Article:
Shabbir M.H. Alibhai
Geriatrics & Aging
We have, by some measures, come a long way in our ability to diagnose and treat renal disease. From molecular biology to organ transplantation, medicine has revolutionized the therapies that are available for patients with this condition. In this issue of Geriatrics & Aging, you will find articles that highlight some of the ways in which we have advanced in our understanding of the diagnosis, management, and progression of renal diseases in the elderly.
Whenever I think about renal disease and older people, I think about the topic of denying dialysis to senior citizens. Not so long ago, some industrialized nations had barriers erected to prevent chronic dialysis for people who had reached a certain age. This was done on the pretense that (a) dialysis is a scarce resource; (b) scarce resources need to be rationed; and (c) that younger people will derive more benefit from dialysis than will older people who have limited life expectancies.
Few people today would disagree with the first and second premises. However, support for the third premise is tenuous because the implication is that age is the major determinant of worthiness, productivity, or some similar construct. Younger people are more productive, so the theory goes, and so they should receive dialysis to prolong their lives and allow them to continue to contribute to society.
Many factors besides chronological age go into the equation to determine who is worthy to receive a scarce resource.
A person's worth is difficult to measure, even if we agree that it is morally permissible to allocate resources based on worth. While I do not want to turn this editorial into a diatribe on the ethics of resource allocation, gerontologists see worth in more than economic terms. People can contribute to society through their previous work within or outside the home, their nurturing and support of the multi-generational family, their teachings, their volunteerism, their collective wisdom and experience, their political advocacy, and perhaps even their very presence. Many factors besides chronological age go into the equation to determine who is worthy to receive a scarce resource. Perhaps this is better stated from a practical perspective. If a patient with newly diagnosed, end-stage, renal disease required dialysis, a nephrologist would, for example, look beyond whether he was 55 or 75 when deciding whether to offer him or her the option of dialysis.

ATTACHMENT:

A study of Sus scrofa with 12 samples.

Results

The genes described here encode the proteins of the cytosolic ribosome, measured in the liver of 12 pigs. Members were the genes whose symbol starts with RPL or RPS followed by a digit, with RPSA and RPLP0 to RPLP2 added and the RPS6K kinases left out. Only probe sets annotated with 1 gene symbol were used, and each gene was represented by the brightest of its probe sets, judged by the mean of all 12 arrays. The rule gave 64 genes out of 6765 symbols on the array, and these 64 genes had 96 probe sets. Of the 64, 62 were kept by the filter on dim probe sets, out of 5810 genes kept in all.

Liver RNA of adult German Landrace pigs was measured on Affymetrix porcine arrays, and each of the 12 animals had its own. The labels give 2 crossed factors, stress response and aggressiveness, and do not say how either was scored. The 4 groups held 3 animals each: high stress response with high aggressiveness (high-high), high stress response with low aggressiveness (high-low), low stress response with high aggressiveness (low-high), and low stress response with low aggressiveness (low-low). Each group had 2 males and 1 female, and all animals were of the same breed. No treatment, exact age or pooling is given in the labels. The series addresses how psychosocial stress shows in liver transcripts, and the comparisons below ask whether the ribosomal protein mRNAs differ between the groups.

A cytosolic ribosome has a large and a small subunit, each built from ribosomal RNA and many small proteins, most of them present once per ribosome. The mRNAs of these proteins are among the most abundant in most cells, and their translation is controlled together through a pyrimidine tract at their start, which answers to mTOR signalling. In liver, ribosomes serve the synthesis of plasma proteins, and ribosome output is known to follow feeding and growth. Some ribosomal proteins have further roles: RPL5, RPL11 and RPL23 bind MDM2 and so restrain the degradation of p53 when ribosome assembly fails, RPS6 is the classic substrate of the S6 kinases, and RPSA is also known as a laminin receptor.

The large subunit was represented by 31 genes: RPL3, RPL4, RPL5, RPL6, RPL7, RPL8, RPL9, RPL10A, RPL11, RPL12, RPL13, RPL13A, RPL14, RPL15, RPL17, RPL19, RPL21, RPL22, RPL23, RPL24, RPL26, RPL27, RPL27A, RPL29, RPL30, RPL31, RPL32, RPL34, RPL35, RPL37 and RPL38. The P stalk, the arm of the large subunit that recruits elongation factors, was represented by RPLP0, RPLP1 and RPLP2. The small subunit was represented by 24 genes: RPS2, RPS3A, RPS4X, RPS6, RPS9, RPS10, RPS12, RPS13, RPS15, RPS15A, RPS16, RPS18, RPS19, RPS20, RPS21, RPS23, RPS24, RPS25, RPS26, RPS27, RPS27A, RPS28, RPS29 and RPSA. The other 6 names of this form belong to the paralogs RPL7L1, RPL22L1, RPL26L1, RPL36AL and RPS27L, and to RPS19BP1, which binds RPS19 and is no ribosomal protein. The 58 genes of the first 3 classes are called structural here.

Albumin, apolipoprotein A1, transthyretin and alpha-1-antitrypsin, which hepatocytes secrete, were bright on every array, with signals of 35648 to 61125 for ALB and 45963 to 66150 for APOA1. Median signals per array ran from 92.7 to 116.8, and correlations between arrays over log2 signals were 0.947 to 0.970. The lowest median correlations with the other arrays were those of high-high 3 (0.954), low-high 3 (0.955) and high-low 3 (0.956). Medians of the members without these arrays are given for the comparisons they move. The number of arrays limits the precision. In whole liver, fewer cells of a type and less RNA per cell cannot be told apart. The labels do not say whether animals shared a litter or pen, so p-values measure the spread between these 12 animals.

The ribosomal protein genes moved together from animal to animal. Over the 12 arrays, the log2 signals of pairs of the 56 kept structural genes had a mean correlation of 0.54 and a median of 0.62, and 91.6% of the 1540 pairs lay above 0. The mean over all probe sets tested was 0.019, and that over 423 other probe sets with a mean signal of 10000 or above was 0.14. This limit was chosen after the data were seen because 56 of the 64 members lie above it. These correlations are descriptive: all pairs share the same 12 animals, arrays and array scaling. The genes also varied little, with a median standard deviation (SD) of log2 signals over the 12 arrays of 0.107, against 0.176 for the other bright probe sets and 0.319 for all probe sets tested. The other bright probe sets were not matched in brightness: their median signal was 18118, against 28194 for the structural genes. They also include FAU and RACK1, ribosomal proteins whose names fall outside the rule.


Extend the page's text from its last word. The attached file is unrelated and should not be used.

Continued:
There is obviously much more to the treatment of renal disease in the elderly than dialysis. However, have we, as a profession, really grasped the fundamentals of renal disease and aging? Have we integrated this knowledge into our day-to-day clinical lives? I fear not. By way of example, consider the lowly serum creatinine, a simple, cheap measure of renal function. Clearly, it is an indirect measure of glomerular filtration rate (GFR), but a measure nonetheless. In turn, GFR is a fundamental measure of renal function. As GFR declines, many drugs require dose adjustment or are relatively contraindicated. Common examples include NSAIDs, numerous antibiotics, H2-blockers, metformin, digoxin, ACE inhibitors, allopurinol, and others.
We have been taught in medical school that GFR declines with age, at a rate of about 7-10 mL/min per decade of life after age 30. While this is generally true, not every older person's GFR declines at a predictable rate. Serum creatinine is a poor measure of GFR in many older people, especially those who are frailer. Despite having at least nine published formulae to calculate GFR from simple variables (including serum creatinine), none of them perform impressively well. The Cockcroft-Gault formula, a gift from Canada to the world (one of the two authors was Canadian), is very commonly used to estimate GFR. Yet it underestimates GFR in up to 30 per cent of seniors, and sometimes underestimates GFR by a third or more. Thus, despite our increasing knowledge of nephrologic illnesses, we still do not have a simple and precise method to estimate GFR in an older person.
At the end of the day, many physicians do think about GFR when prescribing drugs to their older patients, which is a good start. We think about serum creatinine, and occasionally calculate GFR using the Cockcroft-Gault, or a similar equation. This is even better. Rarely, we will even do timed urine collections to directly measure GFR. Once we have an estimate of the GFR, I hope we use this information to wisely prescribe medications, or alternatively, to refrain from prescribing--the wiser of the two choices is sometimes unclear. Unfortunately, we are not always as wise when it comes to referring our patients with a diminished GFR for nephrologic consultation; or else we wait until there is little to do other than make preparations for dialysis or death.
I suspect that we might do more for the health of our seniors by finding a method that accurately measures GFR, and by figuring out what to do if this measure is abnormal, than we will by perfecting techniques for renal transplantation. Yet it will come as a surprise to no one that we spend far more studying the latter than the former. We still have a long road to travel.